AMEND CORNER: Look behind the candidates’ words


The guy who wrote it looked a lot like me, except he was somewhat fatter, could bend his back and possessed a couple more teeth than I do. He was also an active member of the workforce and was rarely seen on the streets without a camera.

The premise of that column was that our perception of the president of the United States was not exactly what those guys we call the Founding Fathers had in mind when they created the position with the Constitution. Instead, we treat him more like a king.

We haven’t done that so much in recent years. In fact, some treated our current president like a tyrant, who had taken the office by force rather than by winning something like 53 percent of the vote, and who was planning to take away all our freedoms. More recently, those same people have been treating him like a bumbling pussycat who isn’t doing enough to save us from the horde of Muslim terrorists they expect to strike sometime next month.

But that isn’t far from the problem I wrote about back when George W. Bush still had two years to go. As I wrote back then, treating the president as a king ruling by divine right — or tyrant ruling by force — leads to perceiving him “… as some sort of superhero or villain. If we like him, we have to hide his faults and trumpet his successes. If we don’t, we have to find ways to ignore his accomplishments and exaggerate his failures.”

That leads to what’s happening in this election. Consider Donald Trump, for whom everything that’s happened since 2008 has been a disaster. He presents himself as a superhero who, as he said in his acceptance speech, is “the only one who can keep us safe.”

Clinton, for her part, points proudly to accomplishments of President Obama (well, most of them, anyway) and promises to improve on them if she is elected. This, of course, assumes that Obama has done good things for the nation that need, at most, a little tweaking to make them even better.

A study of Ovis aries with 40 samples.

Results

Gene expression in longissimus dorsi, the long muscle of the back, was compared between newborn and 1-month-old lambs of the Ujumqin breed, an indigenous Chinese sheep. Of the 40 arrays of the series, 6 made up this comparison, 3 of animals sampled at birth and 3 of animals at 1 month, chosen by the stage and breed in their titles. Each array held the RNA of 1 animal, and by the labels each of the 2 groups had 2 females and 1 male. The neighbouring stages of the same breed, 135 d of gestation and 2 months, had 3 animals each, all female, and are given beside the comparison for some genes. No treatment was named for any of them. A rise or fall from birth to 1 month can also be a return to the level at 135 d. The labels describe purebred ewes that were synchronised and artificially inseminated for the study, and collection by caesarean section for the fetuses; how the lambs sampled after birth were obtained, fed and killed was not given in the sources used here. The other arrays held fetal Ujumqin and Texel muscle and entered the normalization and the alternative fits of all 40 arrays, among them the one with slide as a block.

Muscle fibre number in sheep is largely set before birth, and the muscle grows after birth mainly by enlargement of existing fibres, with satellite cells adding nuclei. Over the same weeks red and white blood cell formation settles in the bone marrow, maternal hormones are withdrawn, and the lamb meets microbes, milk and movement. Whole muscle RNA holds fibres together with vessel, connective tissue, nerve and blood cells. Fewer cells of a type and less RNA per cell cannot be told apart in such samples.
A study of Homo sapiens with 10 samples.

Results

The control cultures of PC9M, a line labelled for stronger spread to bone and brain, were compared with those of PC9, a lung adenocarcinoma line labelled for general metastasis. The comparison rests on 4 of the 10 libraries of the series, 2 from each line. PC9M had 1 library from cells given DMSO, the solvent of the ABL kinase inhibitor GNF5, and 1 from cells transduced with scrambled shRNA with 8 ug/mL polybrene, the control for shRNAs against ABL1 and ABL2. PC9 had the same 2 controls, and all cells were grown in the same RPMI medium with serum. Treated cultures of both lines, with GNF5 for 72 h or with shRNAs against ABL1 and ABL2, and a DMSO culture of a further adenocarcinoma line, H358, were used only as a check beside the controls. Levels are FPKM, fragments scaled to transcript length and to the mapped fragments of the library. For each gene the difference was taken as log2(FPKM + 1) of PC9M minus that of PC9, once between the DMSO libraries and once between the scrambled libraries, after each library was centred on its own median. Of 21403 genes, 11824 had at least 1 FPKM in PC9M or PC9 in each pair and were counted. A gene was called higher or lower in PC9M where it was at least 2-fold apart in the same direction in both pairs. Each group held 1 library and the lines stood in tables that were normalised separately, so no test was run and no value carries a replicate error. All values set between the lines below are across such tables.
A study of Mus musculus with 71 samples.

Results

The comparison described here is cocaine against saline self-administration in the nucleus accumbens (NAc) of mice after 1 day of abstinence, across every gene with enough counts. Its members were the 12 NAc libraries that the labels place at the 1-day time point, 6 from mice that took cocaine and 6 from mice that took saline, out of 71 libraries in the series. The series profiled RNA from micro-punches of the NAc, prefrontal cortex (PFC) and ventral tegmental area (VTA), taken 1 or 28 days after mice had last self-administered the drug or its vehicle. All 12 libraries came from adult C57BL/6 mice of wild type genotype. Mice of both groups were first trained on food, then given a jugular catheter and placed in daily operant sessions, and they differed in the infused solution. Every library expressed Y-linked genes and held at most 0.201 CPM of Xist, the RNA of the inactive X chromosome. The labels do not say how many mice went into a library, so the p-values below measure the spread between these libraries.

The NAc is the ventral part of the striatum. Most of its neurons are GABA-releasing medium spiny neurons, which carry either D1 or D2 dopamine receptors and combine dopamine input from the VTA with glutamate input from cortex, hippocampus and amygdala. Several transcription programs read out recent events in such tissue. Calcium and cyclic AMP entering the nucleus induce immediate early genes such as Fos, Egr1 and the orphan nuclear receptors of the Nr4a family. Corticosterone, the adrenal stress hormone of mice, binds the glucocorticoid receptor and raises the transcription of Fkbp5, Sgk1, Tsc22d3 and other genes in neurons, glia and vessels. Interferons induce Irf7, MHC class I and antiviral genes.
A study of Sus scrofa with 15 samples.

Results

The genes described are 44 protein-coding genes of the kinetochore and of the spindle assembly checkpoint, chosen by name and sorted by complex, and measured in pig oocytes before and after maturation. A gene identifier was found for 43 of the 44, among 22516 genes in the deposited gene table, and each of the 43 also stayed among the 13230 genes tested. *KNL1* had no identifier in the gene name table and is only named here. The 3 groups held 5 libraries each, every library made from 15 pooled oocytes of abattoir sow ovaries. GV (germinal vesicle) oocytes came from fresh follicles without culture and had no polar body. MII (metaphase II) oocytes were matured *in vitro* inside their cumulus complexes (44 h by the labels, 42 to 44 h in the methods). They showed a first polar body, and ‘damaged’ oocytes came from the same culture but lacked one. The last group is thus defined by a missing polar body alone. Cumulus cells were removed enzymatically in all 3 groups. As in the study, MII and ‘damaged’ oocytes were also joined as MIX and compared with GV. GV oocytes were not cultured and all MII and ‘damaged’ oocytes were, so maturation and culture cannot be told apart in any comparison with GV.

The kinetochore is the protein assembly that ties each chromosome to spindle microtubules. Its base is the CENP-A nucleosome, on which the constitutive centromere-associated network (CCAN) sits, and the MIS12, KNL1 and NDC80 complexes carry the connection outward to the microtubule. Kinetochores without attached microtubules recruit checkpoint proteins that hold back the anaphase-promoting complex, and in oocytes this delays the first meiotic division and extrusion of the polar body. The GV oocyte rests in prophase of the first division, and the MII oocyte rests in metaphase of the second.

Presidents can’t always do anything they want to do, of course. Congress also has a say in what they do, or at least it would have if congressmen decided to actually do their jobs and govern the country instead of finding ways to avoid working with each other. And then there’s the Supreme Court, which often interrupts the plans of both presidents and congressmen. Those facts alone should dispel any fears about having your guns taken away from you, or that Obama ever could have imposed socialism — real socialism, not the programs Obama actually proposed that people called socialism — on the nation.

In addition, most of what happens in the world is out of the president’s control. It was silly when Obama was being blamed for the high price of gasoline, and it’s just as silly for him to take credit for the current low prices, which he did recently. He isn’t responsible for the recent spate of police shootings involving black citizens. George Bush wasn’t to blame for the Hurricane Katrina disaster, either.

That said, a president does have considerable power that can mitigate a problem like Katrina. Bush’s response to the storm was rather shaky, and that made it worse. Jimmy Carter erred when he publicly allowed the deposed Shah of Iran into the country, with the result that a number of American diplomats and other officials ended up spending 444 days as hostages.

What this all means is that Americans should elect their presidents carefully, especially when it comes to the promises they make. It’s quite easy to promise, as both Clinton and Trump have, to create X number of jobs. They should be pressed to tell us what steps they would take to keep that promise, how much it would cost and where the money would come from to do so. They should also be asked whether keeping a promise is even possible — constitutionally, politically and practically.

What we really need to know, though, is whether they have the knowledge, the insight, the judgment and the temperament to effectively do what we expect from them, as well as the flexibility to adapt when something we don’t expect happens. That’s difficult, maybe even impossible for us as citizens watching an election campaign. But we can listen to what they say and watch how they react when asked a difficult question or when the validity of something they say is challenged.

Then we need to remember something. The job of president of the United States in this century is an incredibly complex and difficult one. No one — not Trump, not Clinton, not even a clone of Ronald Reagan — is fully equipped to do all the things required of the president equally well. They will make mistakes and exercise poor judgment. They will try things that fail. We have to expect that.

Flawed men have been in the White House before, and nearly all of them have made errors and had failures. But our nation is stronger than the one person who occupies the White House, and as a people, we have the power to preserve the nation even if the president fails.

To do it, though, requires us to be united in the effort, regardless of who wins in November.